Hello and welcome to this week’s Carnival of the Capitalists! We have an exciting and wide ranging line up, which I have tried to categorize (a mostly futile exercise, I might add) for your reading pleasure.
So with no further adieu, I present this week’s entrants:
If I missed your trackback, email it to thebigpicture -at- optonline -dot- net.
“October 17th was the day that the web was officially born just 10 years ago. That day a company called Spry (later CompuServe then AOL) introduced a product called “Internet in a Box.” For the first time, you could trot down to a store, buy a software package, take it home and have everything you needed to connect to the Internet and the World Wide Web . . .”
“How to get your customers to fill you in – with the information you need in forms to be filled up. Let them form a good impression of you and your store – give them forms with function”
“The frustration for Johnny was obvious. His website had strong visitor traffic numbers, he thought. Johnny’s site offered a complete line of very good, and highly reputable products. He thought he had set up an acceptable way to buy them online.
There were plenty of visitors arriving daily to make any online business a major success. The problem for Johnny was, despite the large number of people visiting his site, not many of them bought his products.”
Blogs are becoming the “topic” of the day, all over the web, it seems. Jane
cannot open any newsletter, magazine, ezine, or even regular email, without
a question or comment on blogging present in the content.
We are delighted to see our favorite form of communication getting the
attention it deserves, but… the true purpose of web-logging is getting
lost in the rhetoric bouncing around the net.
Incidentally Yvonne gets a bonus mention for “Dickless Marketing: Smart Marketing to Women Online,” — I can’t comment on how effective that title may be — but it sure got my attention.
Alan Greenspan & the Federal Reserve
“It’s not a community that any party has a lock on,” says Ismael Ahmed, the executive director of Access, the biggest Arab-American social services agency in the country, which is based in Dearborn. “Especially a community like this one where 60% weren’t born here. We’re not really committed to either party.”
“We were motivated when we backed Bush and we are motivated now,” says Osama Sablini, Aapac’s chairman and publisher of the Arab American newspaper, who backed Mr Bush four years ago. “The Bush administration has been a major disappointment to this community and we cannot afford four more years of this.”
-Under siege since 9/11, Arab voters shift to Kerry
When the dust settles on this election, a significant shift will have taken place in several key demographics. Due to a random twist of fate, this will be especially true in the swing states.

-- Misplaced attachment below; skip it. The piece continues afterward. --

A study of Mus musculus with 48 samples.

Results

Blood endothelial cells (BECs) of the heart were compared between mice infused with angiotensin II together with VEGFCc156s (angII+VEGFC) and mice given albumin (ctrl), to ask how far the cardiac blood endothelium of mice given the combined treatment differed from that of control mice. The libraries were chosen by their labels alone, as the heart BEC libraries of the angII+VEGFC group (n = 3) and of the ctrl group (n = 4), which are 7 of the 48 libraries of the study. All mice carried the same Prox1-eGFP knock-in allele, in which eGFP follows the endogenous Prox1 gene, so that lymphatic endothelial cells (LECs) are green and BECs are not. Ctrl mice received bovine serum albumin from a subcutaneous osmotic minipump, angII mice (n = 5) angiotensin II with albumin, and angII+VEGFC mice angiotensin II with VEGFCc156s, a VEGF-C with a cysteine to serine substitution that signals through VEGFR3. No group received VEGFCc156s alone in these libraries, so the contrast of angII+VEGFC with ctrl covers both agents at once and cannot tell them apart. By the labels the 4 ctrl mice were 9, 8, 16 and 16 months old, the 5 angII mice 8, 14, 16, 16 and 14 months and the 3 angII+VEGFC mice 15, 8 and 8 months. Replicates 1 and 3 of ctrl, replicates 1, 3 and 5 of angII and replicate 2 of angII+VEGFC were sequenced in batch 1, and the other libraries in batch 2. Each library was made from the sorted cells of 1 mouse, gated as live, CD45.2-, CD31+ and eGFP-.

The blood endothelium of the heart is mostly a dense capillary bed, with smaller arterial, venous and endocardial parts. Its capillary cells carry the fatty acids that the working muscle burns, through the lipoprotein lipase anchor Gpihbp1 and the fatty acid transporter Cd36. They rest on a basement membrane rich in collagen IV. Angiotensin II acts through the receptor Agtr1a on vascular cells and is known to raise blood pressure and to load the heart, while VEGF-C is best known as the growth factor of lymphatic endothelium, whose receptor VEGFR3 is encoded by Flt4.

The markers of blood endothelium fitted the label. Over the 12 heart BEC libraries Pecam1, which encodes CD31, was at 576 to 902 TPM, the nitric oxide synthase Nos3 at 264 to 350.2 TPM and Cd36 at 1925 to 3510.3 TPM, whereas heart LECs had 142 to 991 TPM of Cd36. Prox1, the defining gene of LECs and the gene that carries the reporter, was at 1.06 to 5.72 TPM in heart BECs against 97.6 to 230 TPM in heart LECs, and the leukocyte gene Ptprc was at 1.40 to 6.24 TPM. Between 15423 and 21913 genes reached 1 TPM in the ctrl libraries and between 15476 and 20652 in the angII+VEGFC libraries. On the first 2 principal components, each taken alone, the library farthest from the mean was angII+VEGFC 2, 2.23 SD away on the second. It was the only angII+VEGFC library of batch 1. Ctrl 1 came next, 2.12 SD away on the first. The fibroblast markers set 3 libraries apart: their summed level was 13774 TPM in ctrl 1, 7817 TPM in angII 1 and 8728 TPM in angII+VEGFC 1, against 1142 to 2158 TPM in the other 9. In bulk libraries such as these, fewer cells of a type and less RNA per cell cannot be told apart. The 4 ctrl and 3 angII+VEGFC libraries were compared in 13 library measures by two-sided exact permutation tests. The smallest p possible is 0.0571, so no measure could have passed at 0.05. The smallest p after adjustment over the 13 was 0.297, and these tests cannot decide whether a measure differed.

The resulting shift in traditional party affiliations could very well throw the election to the challenger.
Since early this year, we’ve been watching a number of key voting blocs “flip flop” (sorry) away from their prior voting patterns. The demographic ethnic groups with the greatest potential to impact the 2004 Presdiential election are both Cubans and Hispanics in Florida, and the Arabs-Americans in the Midwest.
On numerous occasions this year, we have noted, Cuban American voters in Florida continues to be a potential problem for President Bush in the upcoming election. Further, we similarly observed that the President’s support amongst Arab American’s have tumbled, and significantly for this election, in the swing states.
Whether this is a permanent change of party affiliation, or just a reaction to the present regime, is unknown. But it is clear that major changes are taking place. So says The Guardian:
Rob Fraim is a reader of mine who puts out his own amusing comments each day via email. Today, on the 17th anniversary of the 1987 stock market crash, he put out his recollections from that day.
I found them so interesting that I suggested Rob (who is blogless) post them here. He gladly agreed. Without further adieu, here is Rob’s version of 1987 Crash Revisited
October 19 – the day that each year gives old-timers in this business a renewed facial tic and post-trauma flashbacks.
“What?” you say. “You mean you were actually there, Grandpa? You remember the Crash of ’87?”
Yes, I was, and yes I do. Confirming rumors that I am, in fact, older than dirt I note that I was in this business in 1987 – and had been for a few years prior (I started in 1983.)
I was having dinner last week with a friend who runs a hedge fund (another graybeard, although he looks younger than me) and we ended up talking about 1987. He had a great story about the whole thing (which I’ll let him tell you about someday if you ever get to have dinner with him.)
So I thought I would take a moment to reflect on my own Crash Experience – and perhaps some of you will share your October 19, 1987 story (provided you’re not a whippersnapper who would be relating what was on freakin’ Sesame Street that day! I really hate you guys. You’re svelte and unwrinkled and smart and energetic and I’m just liable to whup you if you’re not careful.) Maybe we’ll even get a recounting of the aforementioned dinner tale from last week. So if you feel like it, drop me a note with your recollections. If I get enough to make it worthwhile, perhaps I’ll compile them for sharing.)
“What I Did During the War (or What Felt Like One Anway)” or…
“Dr. Strange-Broker or How I Learned to Stop Worrying and Love the Bear” by Rob Fraim
I was 29 years old, 4 years in the business, with two young children. I thought I had investing figured out, didn’t really, and was working for the old Dean Witter (now Morgan Stanley.) The market had been mostly good during my relatively brief time in the business and I had survived the crucial new-guy starvation years and had built up a fairly good book.